Stockholm metro art. The Stockholm subway system runs for almost 70 miles. Travelling through the metro system is much like a journey through an exciting story which includes the artistic pioneers of the 50’s through to the experimental art of today. There are 100 subway stations in Stockholm and over 90 of them are decorated with mosaics, installations, sculptures, paintings, and engravings, with the work of over 150 artists. It’s a truly stunning experience and an inexpensive way to explore Stockholm’s art and culture, but the stations below are particularly spectacular.
The Blue Line
This is the first stop on the Blue Line and perhaps the most dramatic installation of Stockholm metro art. It features vibrant colors and an abstract design. It was originally painted in 1977 by Ulrik Samuelson, but there were additions in 1987. The ceiling artwork is located at the Arsenalsgatan exit.
This work honors the all of the workers than worked the station. Rather than putting their names on the wall, artist Per Olof Ultvedt painted blue silhouettes of the workers.
It’s the busiest of stations and commuters often overlook the multi-colored glass tiles along the walls. This is called Klaravagnen and designed by Erland Melanton in 1958- it as one of the first installations in the network.
Directly above this station is Stockholm’s Court House, and the name itself means court house in Swedish. The Stockholm metro art on this station is of Sigvard Olsson’s design resembles an excavation site. Many of the objects used to decorate the cave were found in the excavation work while the metro was being constructed.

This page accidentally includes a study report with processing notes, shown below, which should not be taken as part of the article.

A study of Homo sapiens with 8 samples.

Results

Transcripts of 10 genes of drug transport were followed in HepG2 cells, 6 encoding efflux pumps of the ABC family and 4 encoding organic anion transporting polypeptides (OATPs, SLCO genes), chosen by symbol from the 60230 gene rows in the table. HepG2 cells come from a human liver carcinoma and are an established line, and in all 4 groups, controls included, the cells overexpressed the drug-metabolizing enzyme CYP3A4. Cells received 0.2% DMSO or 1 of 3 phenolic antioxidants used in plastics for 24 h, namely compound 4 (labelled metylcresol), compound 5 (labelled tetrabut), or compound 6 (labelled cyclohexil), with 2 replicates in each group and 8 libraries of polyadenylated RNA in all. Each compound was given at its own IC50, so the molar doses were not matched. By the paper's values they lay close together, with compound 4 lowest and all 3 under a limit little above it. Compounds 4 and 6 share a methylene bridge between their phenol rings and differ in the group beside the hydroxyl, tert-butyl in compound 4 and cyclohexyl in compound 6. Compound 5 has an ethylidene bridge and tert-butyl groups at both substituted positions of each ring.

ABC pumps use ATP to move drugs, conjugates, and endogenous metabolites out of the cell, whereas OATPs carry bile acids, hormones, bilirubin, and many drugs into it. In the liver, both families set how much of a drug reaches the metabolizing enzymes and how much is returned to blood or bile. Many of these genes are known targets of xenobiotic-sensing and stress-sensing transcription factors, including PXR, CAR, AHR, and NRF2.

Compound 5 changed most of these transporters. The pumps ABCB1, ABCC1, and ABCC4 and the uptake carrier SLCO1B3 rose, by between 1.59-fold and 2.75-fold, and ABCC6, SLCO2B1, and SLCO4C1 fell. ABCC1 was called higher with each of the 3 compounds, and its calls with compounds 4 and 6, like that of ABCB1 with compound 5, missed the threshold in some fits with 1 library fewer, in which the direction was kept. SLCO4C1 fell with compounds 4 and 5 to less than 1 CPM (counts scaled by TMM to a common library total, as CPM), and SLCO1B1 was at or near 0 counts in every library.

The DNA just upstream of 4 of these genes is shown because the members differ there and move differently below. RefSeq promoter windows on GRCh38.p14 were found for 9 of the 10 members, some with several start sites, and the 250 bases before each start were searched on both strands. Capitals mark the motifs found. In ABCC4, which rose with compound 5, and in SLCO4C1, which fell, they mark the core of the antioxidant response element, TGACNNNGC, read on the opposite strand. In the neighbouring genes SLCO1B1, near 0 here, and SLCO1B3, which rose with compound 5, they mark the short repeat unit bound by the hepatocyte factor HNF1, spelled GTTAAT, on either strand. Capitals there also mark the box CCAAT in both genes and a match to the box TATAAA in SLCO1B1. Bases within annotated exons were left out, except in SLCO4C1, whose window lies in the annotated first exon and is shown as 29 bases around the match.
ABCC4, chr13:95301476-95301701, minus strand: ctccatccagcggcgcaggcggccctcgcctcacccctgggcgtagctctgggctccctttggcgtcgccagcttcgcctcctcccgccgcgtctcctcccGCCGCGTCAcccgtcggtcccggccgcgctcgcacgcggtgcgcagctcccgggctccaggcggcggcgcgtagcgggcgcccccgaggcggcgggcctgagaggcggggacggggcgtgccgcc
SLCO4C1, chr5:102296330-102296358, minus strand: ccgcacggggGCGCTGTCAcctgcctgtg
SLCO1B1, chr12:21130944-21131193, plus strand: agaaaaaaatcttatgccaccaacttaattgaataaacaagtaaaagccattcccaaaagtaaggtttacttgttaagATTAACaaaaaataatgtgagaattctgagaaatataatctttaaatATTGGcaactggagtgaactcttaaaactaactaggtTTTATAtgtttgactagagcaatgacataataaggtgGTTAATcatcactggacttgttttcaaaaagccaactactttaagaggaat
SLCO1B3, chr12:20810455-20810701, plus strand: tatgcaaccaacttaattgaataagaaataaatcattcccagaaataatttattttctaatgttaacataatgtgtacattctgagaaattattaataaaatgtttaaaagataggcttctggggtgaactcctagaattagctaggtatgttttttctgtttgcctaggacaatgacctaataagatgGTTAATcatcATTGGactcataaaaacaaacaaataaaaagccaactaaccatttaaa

The artistry was designed by Anders Aberg and Karl-Olov Bjork, using green and dark red as the background for the work. It’s also the deepest station in the city, located 16.5 meters below sea level.
Helga Henschen is the artist behind this work, “A rose for immigrants”. It is a nod to the many immigrants that live in the surrounding area. The cave is filled with poems and texts in different languages, and adorned with drawings of trees, animals, and flowers. Brotherhood is painting in 18 paintings, in 18 different languages.
The Green Line
This features subtle Stockholm metro art, featuring vintage signposts and light teal tilework. Gun Gordillo, the artist, made some additions in 1998, creating 103 strips of neon lights on the ceiling.
This station is stunningly simple, tile designs that feel pixelated, and feel like Mario Kart. This design was by Huck Hultgren and Lars Arrhenius.
The second to last station on the green line, used by almost 7,000 every day. The artistic décor was designed by Gert Marcus and features luminescent lines on the tracks, with change colors, changing the cave’s perspective.
The Red Line
This is truly spectacular Stockholm metro art, with shades of white, grey, and blue on the walls and ceilings, resembling winter weather. There is a dodecahedron suspended from the ceiling, and all of it was designed by Lennart Dark.
Stadion station is covered in brightly colored sculptures and rainbow colored signs, and an arching rainbow at the top of marbled blue walls. It was designed by Ake Pallarp and Enno Hallek in 1973, commemorating the 1912 Stockholm Olympics.